Forgetting Yoga

Before I began teaching yoga, for years, I would roll out my mat with all the intentions of practicing for 45 minutes or more. Inevitably, the moment I began all my accumulated practice would disappear somewhere. I was an avid student and yet when I wanted to practice on my own, the options my brain offered were a few singular poses: triangle, seated twist, seated forward bends, head stand. There was no rhythm or logical connection between the poses.

That hasn’t really changed since I’ve started teaching. Though I may love doing familiar poses with my class, and also exploring exciting challenge poses, I rarely feel the same burst of energy to sink my teeth into sun salutations and arm balances when I practice alone. It seems that I need other people to distract me from myself, or maybe simply to motivate myself. Perhaps it’s because I’m a bit of an extrovert and I gain energy when I’m doing yoga with others. Whatever the case, I feel the most excited about doing yoga when I’m teaching and when I’m practicing with others.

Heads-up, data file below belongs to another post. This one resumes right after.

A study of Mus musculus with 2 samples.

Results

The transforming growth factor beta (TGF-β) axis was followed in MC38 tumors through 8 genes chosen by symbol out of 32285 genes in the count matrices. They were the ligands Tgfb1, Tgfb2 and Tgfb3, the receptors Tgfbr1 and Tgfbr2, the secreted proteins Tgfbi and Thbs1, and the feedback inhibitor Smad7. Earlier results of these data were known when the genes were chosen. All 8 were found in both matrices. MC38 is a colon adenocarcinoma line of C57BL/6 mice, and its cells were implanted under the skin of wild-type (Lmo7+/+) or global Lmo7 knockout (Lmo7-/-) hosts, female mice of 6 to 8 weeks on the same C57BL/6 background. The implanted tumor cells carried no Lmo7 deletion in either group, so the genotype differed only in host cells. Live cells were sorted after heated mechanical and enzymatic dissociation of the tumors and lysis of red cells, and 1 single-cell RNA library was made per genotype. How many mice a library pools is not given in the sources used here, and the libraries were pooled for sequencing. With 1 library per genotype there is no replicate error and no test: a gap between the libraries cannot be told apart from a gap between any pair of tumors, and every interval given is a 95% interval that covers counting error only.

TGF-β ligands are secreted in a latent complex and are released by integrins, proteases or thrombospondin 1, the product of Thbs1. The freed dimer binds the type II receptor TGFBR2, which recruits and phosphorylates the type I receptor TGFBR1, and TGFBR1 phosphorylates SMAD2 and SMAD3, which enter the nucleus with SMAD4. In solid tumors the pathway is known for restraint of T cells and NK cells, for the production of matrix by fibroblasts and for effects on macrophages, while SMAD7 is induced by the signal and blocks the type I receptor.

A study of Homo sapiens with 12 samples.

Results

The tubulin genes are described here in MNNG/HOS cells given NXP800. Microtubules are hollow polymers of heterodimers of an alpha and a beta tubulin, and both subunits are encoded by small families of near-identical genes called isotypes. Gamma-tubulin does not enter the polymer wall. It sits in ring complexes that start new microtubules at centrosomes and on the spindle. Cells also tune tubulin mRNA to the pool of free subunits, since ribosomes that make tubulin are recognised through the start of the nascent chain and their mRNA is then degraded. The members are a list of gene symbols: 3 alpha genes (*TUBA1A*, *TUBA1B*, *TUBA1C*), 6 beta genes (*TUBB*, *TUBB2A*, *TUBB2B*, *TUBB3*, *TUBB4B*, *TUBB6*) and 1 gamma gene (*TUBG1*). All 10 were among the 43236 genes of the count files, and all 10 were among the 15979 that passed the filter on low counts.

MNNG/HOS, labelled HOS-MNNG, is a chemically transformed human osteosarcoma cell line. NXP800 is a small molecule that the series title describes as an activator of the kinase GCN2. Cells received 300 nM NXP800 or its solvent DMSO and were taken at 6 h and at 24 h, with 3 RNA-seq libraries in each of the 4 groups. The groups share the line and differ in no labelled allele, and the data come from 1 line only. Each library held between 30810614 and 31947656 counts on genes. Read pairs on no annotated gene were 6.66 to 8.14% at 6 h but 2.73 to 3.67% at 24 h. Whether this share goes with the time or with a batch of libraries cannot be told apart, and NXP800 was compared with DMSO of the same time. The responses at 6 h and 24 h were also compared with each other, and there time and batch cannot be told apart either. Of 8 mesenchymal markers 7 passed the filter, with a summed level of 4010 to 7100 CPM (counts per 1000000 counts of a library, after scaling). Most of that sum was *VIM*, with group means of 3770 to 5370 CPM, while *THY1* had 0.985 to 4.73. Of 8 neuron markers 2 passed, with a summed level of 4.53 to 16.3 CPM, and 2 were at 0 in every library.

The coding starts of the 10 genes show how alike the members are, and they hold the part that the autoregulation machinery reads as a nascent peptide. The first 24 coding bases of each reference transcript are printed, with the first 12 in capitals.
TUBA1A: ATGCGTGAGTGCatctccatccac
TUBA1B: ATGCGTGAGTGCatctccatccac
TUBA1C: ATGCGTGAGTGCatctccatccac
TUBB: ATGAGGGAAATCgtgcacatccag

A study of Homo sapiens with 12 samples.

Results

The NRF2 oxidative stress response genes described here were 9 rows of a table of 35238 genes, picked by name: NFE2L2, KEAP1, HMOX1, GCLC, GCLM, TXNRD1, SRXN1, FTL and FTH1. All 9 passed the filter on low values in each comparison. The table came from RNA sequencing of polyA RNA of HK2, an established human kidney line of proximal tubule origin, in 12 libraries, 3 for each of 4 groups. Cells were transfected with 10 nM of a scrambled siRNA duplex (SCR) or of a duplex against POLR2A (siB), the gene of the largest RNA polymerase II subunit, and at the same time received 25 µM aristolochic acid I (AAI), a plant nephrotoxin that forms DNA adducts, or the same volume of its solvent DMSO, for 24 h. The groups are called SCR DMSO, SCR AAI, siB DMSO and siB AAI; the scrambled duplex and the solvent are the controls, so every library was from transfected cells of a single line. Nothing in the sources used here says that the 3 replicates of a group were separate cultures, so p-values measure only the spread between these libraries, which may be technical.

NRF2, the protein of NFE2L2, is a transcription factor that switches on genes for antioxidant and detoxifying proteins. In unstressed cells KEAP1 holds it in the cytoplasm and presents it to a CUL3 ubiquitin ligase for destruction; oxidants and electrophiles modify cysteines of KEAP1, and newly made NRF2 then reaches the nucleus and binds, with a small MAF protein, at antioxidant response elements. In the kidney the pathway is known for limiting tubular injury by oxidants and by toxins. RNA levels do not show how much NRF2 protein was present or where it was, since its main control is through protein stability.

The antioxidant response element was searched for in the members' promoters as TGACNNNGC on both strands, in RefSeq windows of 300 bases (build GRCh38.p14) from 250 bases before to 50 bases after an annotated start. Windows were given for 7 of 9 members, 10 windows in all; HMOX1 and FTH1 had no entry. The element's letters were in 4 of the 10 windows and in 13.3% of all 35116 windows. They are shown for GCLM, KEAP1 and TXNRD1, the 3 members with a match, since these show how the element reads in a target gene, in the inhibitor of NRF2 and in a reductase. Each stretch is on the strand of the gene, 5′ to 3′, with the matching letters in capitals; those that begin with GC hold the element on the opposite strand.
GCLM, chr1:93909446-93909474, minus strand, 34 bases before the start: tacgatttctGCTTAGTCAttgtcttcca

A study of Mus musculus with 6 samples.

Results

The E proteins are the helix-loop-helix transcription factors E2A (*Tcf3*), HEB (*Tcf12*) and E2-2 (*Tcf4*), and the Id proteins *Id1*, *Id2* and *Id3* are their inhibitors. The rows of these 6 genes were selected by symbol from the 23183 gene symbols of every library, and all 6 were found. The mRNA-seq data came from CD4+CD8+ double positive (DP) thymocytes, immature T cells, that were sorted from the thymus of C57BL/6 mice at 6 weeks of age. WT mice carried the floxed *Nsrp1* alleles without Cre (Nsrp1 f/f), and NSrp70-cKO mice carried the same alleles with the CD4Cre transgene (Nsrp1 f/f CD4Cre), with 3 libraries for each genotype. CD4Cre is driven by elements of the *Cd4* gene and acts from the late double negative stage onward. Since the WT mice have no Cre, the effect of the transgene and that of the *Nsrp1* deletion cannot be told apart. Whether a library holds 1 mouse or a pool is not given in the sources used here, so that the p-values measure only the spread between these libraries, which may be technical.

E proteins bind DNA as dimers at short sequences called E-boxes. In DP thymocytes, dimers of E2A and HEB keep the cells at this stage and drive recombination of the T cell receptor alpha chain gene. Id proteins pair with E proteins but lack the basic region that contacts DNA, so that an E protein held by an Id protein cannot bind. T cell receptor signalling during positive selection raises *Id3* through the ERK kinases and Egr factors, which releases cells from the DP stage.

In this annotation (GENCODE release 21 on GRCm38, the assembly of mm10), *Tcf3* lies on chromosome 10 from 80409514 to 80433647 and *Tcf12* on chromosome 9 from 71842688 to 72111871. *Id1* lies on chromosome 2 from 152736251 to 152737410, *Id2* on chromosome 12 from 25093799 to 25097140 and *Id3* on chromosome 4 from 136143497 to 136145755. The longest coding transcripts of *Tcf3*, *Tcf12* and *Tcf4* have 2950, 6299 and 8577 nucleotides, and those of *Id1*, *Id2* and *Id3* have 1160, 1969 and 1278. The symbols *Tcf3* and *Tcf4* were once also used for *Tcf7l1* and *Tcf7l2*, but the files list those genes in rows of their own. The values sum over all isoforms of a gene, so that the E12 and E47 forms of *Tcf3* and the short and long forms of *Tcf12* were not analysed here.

But something has changed when I practice alone. I just move. I’m not concerned about whether it’s yoga or dance or some random martial arts move I saw somewhere. I move around and see what really feels good for my body. I’m thinking about how my muscles are moving, strengthening, and stretching. I think about how my bones are stacked in a particular pose and if I’m cutting a corner somewhere. I let go of the yoga poses in principle and focus more on the physical experience of my body, trying to see and feel my body from the outside in and the inside out. This new movement practice of mine comes after years of yoga, dancing, exercise, and studying anatomy and physiology, so it’s an informed movement practice.

The exciting part of teaching is helping others become informed enough about movement and their bodies that they can also have the heightened awareness of how their mind and their body can actually move together, being both intellectual and physical at the same time. Teaching this to others is like a mental yoga practice all on its own. Sometimes I’m not sure if the awareness that we’re supposed to get from yoga has ever seeped into my head or if I’m just teaching because I like people. I guess it worked its way in there somewhere though, despite my best efforts.